Reading the front page of the Wall Street Journal this week, and talking to sources, it truly feels like the festive season is here.
Optimism prevails! The Fed is talking about cutting rates next year and markets soared on the news. Dealmakers who have been waiting out the market to see if financing costs come down are licking their chops for what some believe will be a busy first quarter.
If this sort of euphoria lasts, it could lead to a natural rebalancing of LP portfolios, as public holdings rise in value, realigning private equity exposure back into line with policy. And if deal markets open up that likely means exit activity will increase as well, pushing distributions back into the hands of LPs eager for their PE taps to start flowing again.
Liquidity, liquidity, liquidity – it’s the word on everyone’s lips right now. GPs are desperate to show their LPs they know how to deliver the goods. And if they can’t do it through traditional exits, they’ll seek other methods.
A potential deal announced this week was an example of an interesting way a GP could try and return proceeds to LPs in older funds, without going through the stress, time and cost of running a continuation fund deal.
Veritas Capital is reportedly in talks to sell a stake in healthcare analytics company Cotiviti to KKR. But there’s a twist, according to the Financial Times. Veritas is considering selling 100 percent of its stake in the business held in two older funds, and then using capital from its newest fund to reinvest into the company for a 50 percent stake.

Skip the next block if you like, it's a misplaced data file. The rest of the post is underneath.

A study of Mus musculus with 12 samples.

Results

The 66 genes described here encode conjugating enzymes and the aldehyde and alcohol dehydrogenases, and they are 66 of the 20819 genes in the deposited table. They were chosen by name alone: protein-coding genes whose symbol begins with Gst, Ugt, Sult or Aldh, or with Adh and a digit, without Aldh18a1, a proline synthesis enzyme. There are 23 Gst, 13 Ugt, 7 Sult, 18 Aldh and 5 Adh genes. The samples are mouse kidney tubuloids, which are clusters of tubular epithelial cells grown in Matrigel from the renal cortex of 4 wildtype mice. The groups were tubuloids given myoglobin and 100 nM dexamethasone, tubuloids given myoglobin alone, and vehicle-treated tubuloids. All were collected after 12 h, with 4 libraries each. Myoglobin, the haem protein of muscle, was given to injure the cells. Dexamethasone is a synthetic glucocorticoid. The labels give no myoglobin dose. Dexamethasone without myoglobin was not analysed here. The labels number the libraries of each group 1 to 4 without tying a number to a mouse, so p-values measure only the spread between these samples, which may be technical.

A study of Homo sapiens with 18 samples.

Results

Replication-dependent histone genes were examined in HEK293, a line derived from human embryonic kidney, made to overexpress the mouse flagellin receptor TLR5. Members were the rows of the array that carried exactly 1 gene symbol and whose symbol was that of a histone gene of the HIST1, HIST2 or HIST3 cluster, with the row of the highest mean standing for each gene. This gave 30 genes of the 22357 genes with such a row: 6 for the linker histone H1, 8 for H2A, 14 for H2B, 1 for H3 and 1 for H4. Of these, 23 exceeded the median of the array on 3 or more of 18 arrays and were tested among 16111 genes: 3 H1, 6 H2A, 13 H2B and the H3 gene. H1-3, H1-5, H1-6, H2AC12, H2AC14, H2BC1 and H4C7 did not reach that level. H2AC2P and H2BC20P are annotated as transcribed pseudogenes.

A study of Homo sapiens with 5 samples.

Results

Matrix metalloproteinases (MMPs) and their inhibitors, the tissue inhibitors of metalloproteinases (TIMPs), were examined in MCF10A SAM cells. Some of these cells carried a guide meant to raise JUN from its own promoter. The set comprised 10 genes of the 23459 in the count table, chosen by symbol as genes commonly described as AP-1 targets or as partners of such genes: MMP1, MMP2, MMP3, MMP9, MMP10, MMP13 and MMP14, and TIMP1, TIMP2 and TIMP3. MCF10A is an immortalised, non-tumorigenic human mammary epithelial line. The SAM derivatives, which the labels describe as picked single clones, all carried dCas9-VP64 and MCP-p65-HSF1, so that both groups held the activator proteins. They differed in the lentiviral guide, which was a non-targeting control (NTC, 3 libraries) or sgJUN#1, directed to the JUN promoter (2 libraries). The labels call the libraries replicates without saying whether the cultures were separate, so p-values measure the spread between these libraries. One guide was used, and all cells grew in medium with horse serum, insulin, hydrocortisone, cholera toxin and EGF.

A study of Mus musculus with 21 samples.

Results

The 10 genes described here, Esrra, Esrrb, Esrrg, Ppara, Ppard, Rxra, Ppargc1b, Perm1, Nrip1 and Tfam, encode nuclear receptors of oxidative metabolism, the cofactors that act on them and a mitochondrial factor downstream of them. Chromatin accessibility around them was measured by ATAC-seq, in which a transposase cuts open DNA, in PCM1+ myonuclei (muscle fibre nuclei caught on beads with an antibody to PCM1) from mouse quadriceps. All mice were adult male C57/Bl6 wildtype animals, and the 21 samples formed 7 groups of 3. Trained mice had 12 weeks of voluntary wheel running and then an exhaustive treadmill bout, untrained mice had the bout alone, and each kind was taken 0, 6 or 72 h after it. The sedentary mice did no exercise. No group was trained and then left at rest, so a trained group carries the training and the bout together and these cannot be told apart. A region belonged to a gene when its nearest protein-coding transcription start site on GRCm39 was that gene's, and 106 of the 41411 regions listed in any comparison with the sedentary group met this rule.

The sale would allow Veritas to return proceeds to LPs in the older funds, a big move for the firm as it works to raise its ninth fund, likely targeting more than $12 billion, Buyouts previously reported. The deal would give the firm’s newer Fund VIII exposure to Cotiviti.
Likely, Veritas would have to get permission for the deal from the LPACs of the various funds involved. These types of cross-fund deals require LPACs to waive conflicts because the GP is on both sides of the deal as a buyer and a seller. I put in a question to the firm about the mechanics of the deal and will update if/when someone gets back (not holding my breath).
LPs generally aren’t fans of cross-fund deals, though they also aren’t huge fans of continuation funds either. Generally, LPs would prefer to see their managers hold a company and find a traditional exit, rather than find “creative” ways to deliver distributions.
Though some sources have pointed out that in the slower deal environment, with financing costs more expensive, firms that need to deploy capital might have great targets right at home in their own portfolios. These are companies they’ve nurtured and grown, with business plans they’ve helped craft and that are ready for their next phase of growth. What better way to deploy capital than into something you already know well, with a growth path you’ve crafted?
We’ll be seeing more of this kind of thing as the industry strives to get liquidity flowing. Amid all the creativity, a natural pivot in the markets could be the only cure the industry needs to get back on track.